Book: How High We Go in the Dark by Sequoia Nagamatsu

How High We Go In the Dark
By Sequoia Nagamatsu
Audiobook published by Harper Audio

How High We Go In the Dark is a book about a plague that reshapes humanity for centuries. (Note, this is not about the plague we are in at the moment. Also: it is intense to read about a world reshaped by plague, while in a world pretending not to have an ongoing plague at all…)

Melting permafrost reveals the remains of ancient people, who thaw and release the Arctic Plague upon the world, a pandemic of terrifying symptoms and profound lethality. The scale and scope of the suffering it causes remakes the world in surprising ways.

If you have wondered how serious a plague would need to be for society to adjust its values around voluntarily ending life to limit suffering; to refocus the economy around the business as its core; or how the risk of humanity’s end could drive new goals for space exploration, Sequoia Nagamatsu has wondered about this more – elaborately, delicately, thoughtfully. Through a series of interconnected chapters / short stories / vignettes, we learn about the Arctic Plague through the eyes of people who discover it, die from it, spare their loved ones from dying of it, mourn their losses, try to cure it, survive it, and travel between worlds to create a future without it.

Nagamatsu’s world building is remarkable – so plausible, so human, yet so far from the particular choices we are making during our current plague. The characters have motivations that are varied, but make sense. The settings are notable in the way the characters describe how they feel when they experience them, yet are never so detailed that you require footnotes. The emotional journey of coping with global grief and hope is handled so well. The story reveals humanity adapting to this challenge in surprising ways under the worst circumstances.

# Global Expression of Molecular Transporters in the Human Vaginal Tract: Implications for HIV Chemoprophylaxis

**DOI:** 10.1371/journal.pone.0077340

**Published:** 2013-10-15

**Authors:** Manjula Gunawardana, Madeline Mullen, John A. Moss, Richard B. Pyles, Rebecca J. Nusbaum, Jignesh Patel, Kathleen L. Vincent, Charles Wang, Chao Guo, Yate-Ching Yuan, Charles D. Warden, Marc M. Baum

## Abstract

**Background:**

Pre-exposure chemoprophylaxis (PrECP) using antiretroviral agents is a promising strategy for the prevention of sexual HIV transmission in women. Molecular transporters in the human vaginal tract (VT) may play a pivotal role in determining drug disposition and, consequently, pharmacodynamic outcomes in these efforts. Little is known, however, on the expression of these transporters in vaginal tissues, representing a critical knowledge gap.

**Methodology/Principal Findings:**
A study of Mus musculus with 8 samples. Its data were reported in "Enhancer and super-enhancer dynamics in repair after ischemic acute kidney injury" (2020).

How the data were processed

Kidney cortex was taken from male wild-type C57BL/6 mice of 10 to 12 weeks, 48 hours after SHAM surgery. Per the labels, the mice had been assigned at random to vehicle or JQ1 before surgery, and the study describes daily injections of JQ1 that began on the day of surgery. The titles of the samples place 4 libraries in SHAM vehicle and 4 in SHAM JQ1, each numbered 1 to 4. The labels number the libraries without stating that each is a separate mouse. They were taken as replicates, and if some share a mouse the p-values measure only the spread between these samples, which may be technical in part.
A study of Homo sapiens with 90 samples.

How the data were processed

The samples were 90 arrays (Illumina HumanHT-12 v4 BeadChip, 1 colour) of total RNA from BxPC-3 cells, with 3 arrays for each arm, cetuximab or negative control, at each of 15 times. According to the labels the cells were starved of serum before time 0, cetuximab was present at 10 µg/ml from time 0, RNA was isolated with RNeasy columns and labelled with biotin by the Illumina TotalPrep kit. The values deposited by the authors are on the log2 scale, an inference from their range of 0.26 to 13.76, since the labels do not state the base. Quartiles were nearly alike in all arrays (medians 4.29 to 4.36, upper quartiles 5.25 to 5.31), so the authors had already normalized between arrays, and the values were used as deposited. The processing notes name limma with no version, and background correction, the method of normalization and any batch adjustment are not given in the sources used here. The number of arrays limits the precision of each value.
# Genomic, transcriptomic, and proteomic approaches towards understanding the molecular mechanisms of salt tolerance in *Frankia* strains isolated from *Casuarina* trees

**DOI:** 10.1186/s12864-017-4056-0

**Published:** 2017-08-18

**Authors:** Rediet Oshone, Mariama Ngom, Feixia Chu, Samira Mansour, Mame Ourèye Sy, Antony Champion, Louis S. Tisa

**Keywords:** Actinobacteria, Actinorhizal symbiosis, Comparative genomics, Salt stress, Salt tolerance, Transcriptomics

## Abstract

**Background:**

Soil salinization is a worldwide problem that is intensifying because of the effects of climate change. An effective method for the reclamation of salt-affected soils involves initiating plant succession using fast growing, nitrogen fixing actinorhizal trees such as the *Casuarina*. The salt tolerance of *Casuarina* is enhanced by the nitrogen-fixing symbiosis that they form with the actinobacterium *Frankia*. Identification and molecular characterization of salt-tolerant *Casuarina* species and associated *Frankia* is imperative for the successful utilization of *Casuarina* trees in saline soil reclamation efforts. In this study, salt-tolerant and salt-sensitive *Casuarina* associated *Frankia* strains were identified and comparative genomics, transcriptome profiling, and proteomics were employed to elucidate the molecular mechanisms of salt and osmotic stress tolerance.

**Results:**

I listened to the audiobook version of this from, which is brilliantly acted by a cast of about fifteen voice actors (!), whose characters are compelling. (For those of us who live in the SF Bay Area, some of the voices sound pleasantly local in our port-city, collecting-people-from-afar-and-influencing-each-other way.)

This has been my favorite book of 2023. I think of it often, and have recommended it internationally! Go read or listen to this excellent book.